Family files wrongful death suit after woman killed in SE Austin crosswalk
A man is suing the City of Austin after his wife was hit by a car and killed earlier this month. It happened at a crosswalk on East Slaughter Lane right in front of IDEA Bluff Springs public school on September 1.
Moises Maradiaga said his wife, Rosemary, was crossing Slaughter Lane to get back to the school where she worked as a receptionist.
Maradiaga and his attorney Brad Bonilla claim the City of Austin is at fault because it failed to activate the pedestrian crosswalk signals at the intersection
"They didn't have the benefit of these big flashing red lights saying 'you have to stop,'" Bonilla said.
Moises said he got a phone call that Friday morning on his way to work. He rushed to the hospital where his wife of 13 years was fighting for her life.
"The doctors came and told me they were trying to keep her alive, but the second time they came they told me they couldn't anymore," Maradiaga said.
Bonilla said the school opened in 2016 and the crosswalk lights were put up soon after, but the power was never turned on.
"All they had to do was go out there and flip a switch and the crosswalk would have been activated" Bonilla said.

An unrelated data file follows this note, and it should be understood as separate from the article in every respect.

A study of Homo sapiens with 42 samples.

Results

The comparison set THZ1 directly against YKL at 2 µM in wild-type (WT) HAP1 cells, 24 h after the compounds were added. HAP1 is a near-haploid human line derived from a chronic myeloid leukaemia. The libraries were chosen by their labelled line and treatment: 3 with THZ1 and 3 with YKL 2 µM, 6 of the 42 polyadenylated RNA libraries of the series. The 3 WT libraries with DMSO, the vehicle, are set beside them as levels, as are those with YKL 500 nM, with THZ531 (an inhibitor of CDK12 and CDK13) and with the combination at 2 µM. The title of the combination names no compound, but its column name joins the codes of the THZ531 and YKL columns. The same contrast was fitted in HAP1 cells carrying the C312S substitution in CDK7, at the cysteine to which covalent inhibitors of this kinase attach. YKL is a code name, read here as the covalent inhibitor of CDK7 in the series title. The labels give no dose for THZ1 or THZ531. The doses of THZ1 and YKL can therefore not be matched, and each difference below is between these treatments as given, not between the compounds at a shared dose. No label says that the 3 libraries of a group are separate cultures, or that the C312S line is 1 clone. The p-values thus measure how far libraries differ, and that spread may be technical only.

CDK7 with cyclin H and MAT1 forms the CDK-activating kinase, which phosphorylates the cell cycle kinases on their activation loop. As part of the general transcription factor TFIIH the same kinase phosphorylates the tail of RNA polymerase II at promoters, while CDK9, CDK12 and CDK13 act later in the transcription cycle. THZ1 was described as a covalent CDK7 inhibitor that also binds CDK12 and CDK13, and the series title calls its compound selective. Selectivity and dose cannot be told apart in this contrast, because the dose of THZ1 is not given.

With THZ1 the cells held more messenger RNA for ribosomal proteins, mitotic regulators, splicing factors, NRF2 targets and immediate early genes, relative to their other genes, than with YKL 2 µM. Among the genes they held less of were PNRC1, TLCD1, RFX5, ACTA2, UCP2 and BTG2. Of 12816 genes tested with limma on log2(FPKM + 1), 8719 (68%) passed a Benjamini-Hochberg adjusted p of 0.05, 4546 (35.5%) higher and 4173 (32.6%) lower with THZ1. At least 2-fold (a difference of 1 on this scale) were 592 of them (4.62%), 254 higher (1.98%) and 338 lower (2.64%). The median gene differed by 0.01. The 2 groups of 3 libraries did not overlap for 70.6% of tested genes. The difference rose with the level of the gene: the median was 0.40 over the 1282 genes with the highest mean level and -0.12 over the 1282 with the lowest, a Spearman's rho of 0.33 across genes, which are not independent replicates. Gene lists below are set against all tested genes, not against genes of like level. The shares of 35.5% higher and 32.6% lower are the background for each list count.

According to family members, when Rosemary began walking back toward the school after taking her daughter to the bus stop, a car pulled into the intersection but stopped after seeing her.
The stopped car then obstructed the view of other drivers traveling in the same direction.
"As she steps out from behind the vehicle that's stopped she gets hit by a Prius because the Prius driver had very little warning a pedestrian was walking across the street," Bonilla said.
Bonilla said that's because the flashing lights weren't there to warn drivers of a pedestrian crossing.
The same narrative is echoed in the crash report taken by the Department of Public Safety.
The crash report said, "The crosswalk had a dedicated red light traffic signal for the pedestrian crosswalk only, but it was not operational at that time."
But, Bonilla said shortly after Maradiaga was killed, the problem was fixed.
"Unfortunately it took a horrific tragedy to make that happen," Bonilla said.
CBS Austin contacted the city of Austin for comment on this lawsuit. A spokesperson sent this statement:
“We have not yet been served with the lawsuit but are very familiar with the tragic incident that occurred earlier this month. We are prepared to defend the City in the lawsuit that is also brought against the driver involved in the accident at a location where Travis County has reduced the speed limit by a school zone sign and there is a crosswalk.”